Tony Ramos Kajukenbo 

1321 Oliver Road, Fairfield, CA 94534
707-425-1154

Creation of a New Fighting System


Kajukenbo was born from the streets of Oahu, Hawaii, in 1947 in a part of town known as the Palamas Settlement. This was considered the bad part of town, where brawls, stabbings, and muggings were the daily norm. Five young men, who were no strangers to this way of life and were experts in their respective fighting styles, collaborated to form a new fighting system that can defend against any street scenario. Sijo Adriano Emperado, founder of this new fighing system, contributed the hard hitting style of Kenpo. Clarence Chang’s contribution was Chinese boxing, also known as Gung-Fu. Peter Choo’s contribution was the empty handed style of Karate and his knowledge of western boxing. Joseph Holck provided the takedown attributes of Judo, while Frank Ordonez provided the joint lock aspects of Jujitsu. After many long months of training and numerous street trials, a new fighting system began to emerge, where Kenpo was at the core to which everything else was formed around. These five men, who later would form the Black Belt Society, named this new fighting system Kajukenbo.


                                                                                                            Ka – Karate “empty hand”

                                                                                                            Ju – Judo/Jujitsu “gentle way” and “yielding martial art”

                                                                                                            Ken – Kenpo “law of the fist”

                                                                                                            Bo – Gung-Fu (Chinese boxing) “skillful” or “hard work”


The years following the birth of Kajukenbo saw the rise of this newly formed fighting system evolve into four distinct styles: Original Method, Ch’uan Fa, Tum Pai, and Wun Hop Kuen Do.  The Original Method, as its name implies, is the method named after Sijo.  The other three are a result from early practitioners who evolved Kajukenbo into their own personal expression of this eclectic fighting system, incorporating various attributes from Chinese martial arts into these three styles.  Several subcategories stemming from these four main styles have emerged in later years.  None, however, was better known than the Ramos Method.
Beginning of a Legacy
Ahgung Tony Ramos was born on the Big Island of Hawaii.  He began his training in Kajukenbo in 1950 with Joseph Emperado (Sijo’s brother) as his instructor.  Then in 1960, after many years of hard work and training, Ahgung received his black belt from Sijo.  That same year, Ahgung moved to California.  With a wife and four young children, Ahgung hoped his move to the mainland would find him a better way of life for his family.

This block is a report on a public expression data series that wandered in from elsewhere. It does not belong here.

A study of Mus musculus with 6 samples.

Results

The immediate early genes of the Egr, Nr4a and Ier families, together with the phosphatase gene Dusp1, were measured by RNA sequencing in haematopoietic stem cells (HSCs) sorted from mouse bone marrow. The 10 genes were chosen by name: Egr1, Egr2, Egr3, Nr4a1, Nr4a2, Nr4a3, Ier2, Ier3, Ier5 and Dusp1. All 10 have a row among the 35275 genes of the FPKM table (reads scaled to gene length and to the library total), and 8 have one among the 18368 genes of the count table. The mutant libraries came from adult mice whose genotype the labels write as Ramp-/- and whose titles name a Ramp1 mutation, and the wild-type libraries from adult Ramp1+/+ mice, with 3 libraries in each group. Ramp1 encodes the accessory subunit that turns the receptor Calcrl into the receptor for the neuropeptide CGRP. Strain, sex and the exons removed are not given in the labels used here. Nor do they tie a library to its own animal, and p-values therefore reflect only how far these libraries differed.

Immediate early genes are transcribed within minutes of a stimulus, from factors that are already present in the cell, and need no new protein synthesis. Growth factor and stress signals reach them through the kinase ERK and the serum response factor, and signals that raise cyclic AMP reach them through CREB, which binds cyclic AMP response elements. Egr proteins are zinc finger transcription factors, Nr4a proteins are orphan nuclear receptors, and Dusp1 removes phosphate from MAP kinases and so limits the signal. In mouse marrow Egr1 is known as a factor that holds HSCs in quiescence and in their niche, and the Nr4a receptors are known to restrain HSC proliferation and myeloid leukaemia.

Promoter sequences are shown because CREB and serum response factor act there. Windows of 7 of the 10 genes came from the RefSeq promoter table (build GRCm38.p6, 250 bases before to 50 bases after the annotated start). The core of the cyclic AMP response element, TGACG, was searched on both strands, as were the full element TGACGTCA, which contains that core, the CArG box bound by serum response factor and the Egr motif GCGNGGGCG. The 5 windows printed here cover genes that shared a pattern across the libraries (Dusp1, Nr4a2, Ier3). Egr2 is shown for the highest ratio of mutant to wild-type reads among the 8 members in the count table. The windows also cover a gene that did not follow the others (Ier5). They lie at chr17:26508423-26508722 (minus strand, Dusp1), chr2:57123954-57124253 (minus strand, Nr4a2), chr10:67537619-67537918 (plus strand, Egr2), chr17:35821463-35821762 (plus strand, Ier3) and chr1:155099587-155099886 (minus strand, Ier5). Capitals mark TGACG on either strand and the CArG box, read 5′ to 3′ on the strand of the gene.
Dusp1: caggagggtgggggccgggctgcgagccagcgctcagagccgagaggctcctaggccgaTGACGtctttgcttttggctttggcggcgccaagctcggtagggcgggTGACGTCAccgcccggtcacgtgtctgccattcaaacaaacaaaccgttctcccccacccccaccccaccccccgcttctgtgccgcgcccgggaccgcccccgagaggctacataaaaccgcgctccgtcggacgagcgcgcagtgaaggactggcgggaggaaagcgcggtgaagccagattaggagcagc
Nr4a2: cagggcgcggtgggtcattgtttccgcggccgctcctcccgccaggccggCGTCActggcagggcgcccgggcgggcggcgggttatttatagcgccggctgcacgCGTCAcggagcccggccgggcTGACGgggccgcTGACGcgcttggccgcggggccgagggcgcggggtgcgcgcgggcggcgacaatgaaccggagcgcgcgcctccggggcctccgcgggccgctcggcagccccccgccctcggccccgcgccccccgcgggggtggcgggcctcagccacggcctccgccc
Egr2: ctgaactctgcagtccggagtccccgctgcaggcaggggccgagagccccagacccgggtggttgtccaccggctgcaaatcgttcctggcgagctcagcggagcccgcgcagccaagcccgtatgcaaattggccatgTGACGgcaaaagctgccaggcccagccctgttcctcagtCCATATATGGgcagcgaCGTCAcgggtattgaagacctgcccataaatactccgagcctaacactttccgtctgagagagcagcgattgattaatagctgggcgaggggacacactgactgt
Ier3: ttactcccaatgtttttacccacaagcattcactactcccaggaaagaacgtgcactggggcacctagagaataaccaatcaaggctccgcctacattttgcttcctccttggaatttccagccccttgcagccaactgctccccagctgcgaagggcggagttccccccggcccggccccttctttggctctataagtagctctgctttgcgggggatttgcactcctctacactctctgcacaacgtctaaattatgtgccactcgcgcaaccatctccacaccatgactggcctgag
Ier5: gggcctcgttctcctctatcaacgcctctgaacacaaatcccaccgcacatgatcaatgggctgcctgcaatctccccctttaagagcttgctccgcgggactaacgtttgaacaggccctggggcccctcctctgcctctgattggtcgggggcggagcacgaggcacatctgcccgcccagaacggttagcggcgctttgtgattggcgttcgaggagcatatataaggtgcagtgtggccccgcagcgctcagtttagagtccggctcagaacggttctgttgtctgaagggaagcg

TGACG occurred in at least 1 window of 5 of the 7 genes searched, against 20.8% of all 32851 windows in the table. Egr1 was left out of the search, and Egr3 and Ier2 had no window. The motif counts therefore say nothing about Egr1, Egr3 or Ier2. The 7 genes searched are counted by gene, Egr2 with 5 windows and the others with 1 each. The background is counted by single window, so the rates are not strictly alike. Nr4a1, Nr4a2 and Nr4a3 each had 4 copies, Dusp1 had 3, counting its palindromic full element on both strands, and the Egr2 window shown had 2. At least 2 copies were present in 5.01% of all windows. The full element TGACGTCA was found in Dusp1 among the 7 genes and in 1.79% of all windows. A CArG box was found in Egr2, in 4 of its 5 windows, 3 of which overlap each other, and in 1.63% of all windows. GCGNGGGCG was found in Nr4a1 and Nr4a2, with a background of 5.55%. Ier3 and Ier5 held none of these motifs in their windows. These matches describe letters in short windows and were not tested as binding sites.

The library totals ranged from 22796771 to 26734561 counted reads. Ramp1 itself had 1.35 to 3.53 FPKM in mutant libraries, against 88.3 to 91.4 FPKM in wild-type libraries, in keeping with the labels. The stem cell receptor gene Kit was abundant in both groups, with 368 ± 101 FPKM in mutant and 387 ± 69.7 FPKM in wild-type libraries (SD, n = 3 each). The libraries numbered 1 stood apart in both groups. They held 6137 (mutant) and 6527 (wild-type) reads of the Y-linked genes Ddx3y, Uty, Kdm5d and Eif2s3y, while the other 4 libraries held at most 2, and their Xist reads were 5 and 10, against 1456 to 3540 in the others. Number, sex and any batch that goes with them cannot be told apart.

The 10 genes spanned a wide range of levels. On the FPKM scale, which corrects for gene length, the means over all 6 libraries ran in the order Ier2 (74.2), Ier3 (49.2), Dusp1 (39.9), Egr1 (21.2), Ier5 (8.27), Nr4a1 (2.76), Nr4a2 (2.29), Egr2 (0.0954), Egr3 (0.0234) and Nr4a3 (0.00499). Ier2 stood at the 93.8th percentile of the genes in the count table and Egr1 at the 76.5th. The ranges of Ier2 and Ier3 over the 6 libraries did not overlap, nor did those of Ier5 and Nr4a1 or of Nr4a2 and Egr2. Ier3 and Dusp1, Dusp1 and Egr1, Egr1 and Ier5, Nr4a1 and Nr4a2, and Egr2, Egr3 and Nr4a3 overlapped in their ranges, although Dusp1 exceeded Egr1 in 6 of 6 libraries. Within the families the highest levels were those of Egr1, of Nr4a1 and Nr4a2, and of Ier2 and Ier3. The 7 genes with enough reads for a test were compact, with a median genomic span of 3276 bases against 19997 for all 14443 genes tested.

Ahgung first settled in Gardena, California, where he opened his first school in 1960.  Then in 1962, he moved to Fairfield, California, where he found a civil job as an aircraft mechanic at Travis AFB.  That same year he opened his second school, the school we know today as Tony Ramos Kajukenbo in Fairfield.

Throughout the years, Ahgung collaborated with several martial artists, evolving his expression of Kajukenbo to what later would become known as the Ramos Method.  At one point, he collaborated with Bruce Lee on several occasions, exchanging ideas and philosophies on self defense and against multiple attackers.  However, one of the biggest influences to the Ramos Method came from Supreme Grand Master Cacoy Canete.

As part of his early teachings to his students, Ahgung taught Serrada, a form of Filipino stick fighting taught to him by
Grand Master Angel Cabales.  He later traveled to Cebu City, Philippines, where he was introduced to SGM Cacoy Canete, founder of Cacoy Doce Pares.  Ahgung began his training with SGM Canete, who later promoted him to black belt.  Ahgung was so impressed with the similarities he saw with the hand movements of Doce Pares and that of Kajukenbo.  So much so was his impression of this form of stick fighting that in 1985, Ahgung implemented Doce Pares, thus making it recognized and claimed as the official form of stick fighting for the Ramos Method.

After many years of civil service, Ahgung retired from his job and moved back to Hawaii.  He transferred ownership of the school in Fairfield to his daughter, Simoe Leah, and son-in-law, Sr Professor David Amiccuci.  Ahgung, a 10th Degree red belt/gold trim, continued to teach Kajukenbo in Hawaii.  He later passed away in November of 1999 at the age of 69.